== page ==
Mastering the Gin & Tonic
A gin and tonic is a very personal drink. There is no “best” recipe or “perfect G&T.” I like a one-to-two ratio of gin to tonic, but others will find that too potent. I also prefer a G&T with lime, but in the U.K. they often use lemon. I’ve broken it down into its two basic components and given a couple of recipes to get you started. But if you enjoy this libation as much as I do, I would encourage you to delve deep into the subject and create a gin and tonic that makes you go “Hmmm.”
Compared to the great wall of vodka, the gin shelf at most liquor stores is anemic. That’s slowly changing as an increasing number of premium bottlesmuscle in on the classic bar brands.
Gin is essentially vodka (i.e. a neutral spirit) flavoured with an array of botanicals, the defining one being juniper berries. There are no good or bad gins; only ones you like. My go-to brand is [Hendrick’s](http://www.hendricksgin.com), a Scottish gin distinguished by an infusion of Bulgarian roses and cucumber. It’s higher in alcohol than the average gin, so I use a little more tonic to compensate. I’m also a big fan of [Bombay Sapphire](http://www.bombaysapphire.com): its juniper is front and centre, and there is a complimentary note of liquorice. Finally, [Dillon’s](http://dillons.ca), a new micro-distillery in Niagara, Ontario, makes a unique gin that’s unfiltered, floral and complex.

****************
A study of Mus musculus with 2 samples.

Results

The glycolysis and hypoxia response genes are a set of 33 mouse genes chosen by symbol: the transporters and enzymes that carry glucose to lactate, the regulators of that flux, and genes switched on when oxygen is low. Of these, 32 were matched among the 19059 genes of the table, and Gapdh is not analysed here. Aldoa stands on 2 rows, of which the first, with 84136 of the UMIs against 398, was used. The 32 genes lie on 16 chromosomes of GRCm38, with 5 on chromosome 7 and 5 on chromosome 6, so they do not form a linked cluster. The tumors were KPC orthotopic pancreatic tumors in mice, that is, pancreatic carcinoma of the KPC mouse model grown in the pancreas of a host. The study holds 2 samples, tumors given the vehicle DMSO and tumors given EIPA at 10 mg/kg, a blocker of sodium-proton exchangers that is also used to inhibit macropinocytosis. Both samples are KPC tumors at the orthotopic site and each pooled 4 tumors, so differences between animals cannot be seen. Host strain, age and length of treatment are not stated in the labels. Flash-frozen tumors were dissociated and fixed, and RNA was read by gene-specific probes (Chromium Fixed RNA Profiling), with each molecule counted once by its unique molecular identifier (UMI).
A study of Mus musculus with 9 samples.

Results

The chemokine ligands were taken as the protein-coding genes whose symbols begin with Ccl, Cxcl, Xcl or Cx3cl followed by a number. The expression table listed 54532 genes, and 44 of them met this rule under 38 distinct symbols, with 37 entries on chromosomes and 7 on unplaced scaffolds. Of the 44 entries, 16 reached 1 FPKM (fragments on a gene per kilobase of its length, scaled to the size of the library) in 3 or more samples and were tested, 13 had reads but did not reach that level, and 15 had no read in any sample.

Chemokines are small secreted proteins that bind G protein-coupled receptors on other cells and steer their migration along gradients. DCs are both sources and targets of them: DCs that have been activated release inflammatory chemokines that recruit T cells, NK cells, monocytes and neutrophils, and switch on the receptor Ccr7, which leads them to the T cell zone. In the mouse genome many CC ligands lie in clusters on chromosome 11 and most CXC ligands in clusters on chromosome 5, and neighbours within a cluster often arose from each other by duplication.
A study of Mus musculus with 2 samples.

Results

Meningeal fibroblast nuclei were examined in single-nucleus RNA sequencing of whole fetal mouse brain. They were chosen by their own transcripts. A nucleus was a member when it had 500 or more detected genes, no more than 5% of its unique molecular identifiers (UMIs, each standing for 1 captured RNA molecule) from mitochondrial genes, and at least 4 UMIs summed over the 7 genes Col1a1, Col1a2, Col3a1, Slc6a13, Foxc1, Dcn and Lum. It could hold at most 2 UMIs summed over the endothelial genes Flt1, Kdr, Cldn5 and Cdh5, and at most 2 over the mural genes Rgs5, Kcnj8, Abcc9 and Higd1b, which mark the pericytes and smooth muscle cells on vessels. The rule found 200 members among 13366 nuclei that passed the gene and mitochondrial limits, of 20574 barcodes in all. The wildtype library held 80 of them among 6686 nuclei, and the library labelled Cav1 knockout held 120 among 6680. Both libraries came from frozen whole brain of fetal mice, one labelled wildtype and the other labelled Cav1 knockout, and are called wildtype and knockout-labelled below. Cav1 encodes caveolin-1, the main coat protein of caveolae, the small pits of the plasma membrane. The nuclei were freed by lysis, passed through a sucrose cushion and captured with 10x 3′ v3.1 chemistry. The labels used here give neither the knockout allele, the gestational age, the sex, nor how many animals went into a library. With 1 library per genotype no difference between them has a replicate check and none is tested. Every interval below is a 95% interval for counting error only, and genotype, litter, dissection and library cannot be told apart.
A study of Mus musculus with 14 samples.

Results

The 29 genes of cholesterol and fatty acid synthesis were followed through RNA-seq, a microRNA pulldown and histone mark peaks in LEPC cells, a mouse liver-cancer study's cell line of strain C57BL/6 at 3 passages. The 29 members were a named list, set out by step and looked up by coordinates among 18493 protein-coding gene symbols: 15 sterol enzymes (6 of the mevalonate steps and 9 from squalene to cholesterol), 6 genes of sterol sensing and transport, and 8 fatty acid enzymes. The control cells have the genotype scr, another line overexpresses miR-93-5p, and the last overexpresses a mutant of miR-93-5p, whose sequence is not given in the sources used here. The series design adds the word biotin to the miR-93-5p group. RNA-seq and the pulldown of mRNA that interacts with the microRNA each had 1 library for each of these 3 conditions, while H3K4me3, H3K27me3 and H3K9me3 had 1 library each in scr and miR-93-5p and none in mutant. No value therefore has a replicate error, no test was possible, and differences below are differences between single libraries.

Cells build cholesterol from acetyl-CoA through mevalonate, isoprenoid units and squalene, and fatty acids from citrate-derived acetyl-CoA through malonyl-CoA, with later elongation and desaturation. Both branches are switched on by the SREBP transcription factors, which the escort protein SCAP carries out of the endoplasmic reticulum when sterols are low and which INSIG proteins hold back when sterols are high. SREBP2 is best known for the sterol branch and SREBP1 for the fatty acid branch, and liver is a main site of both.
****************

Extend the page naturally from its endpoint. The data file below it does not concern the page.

Most gin and tonics in this country are made with either [Canada Dry](http://www.canadadry.com/) or [Schweppes](http://www.schweppes.ca/), a pair of tonic stalwarts available at grocery and corner stores from coast to coast. If you want to up your G&T game, there are two lesser-known brands worth seeking out. The first is [Fentimans](http://www.fentimans.com/), a century-old British soft drink maker, whose tonic comes in an old-timey, brown bottle straight out of a Victorian apothecary. It’s on the sweet side with a floral, citrusy flavour profile that it gets from lemongrass and lime leaf. It’s delicious on its own, and goes extremely well with Dillon’s gin. Also from the U.K., [Fever Tree](http://www.fever-tree.com/us/) has become my house tonic. It’s smooth, balanced and herbaceous with a lovely liquorice kick, complimenting both Bombay Sapphire and Hendrick’s. Fentimans and Fever Tree are expensive, but, in my opinion, worth it.
#### Eric’s Gin & Tonic Recipe
2 oz. Bombay Sapphire
4 oz. Fever Tree tonic water, chilled
1 lime wedge
**Step 1:** Chill a 10-oz. Collins glass.
Fill glass with ice. Pour in gin. Top with tonic water. Give drink a light stir.
Garnish with lime wedge. Serves 1.
#### Hendrick’s & Tonic Recipe
2 oz. Hendrick’s gin
6 oz. tonic water, chilled
3 thin slices cucumber
**Step 1:** Chill a 12-oz. highball glass.
**Step 2:** Fill glass with ice. Pour in gin. Top with tonic water. Give drink a light stir. Garnish with cucumber. Serves 1.
Get more [drink recipes](http://houseandhome.com/food/drinking-recipes).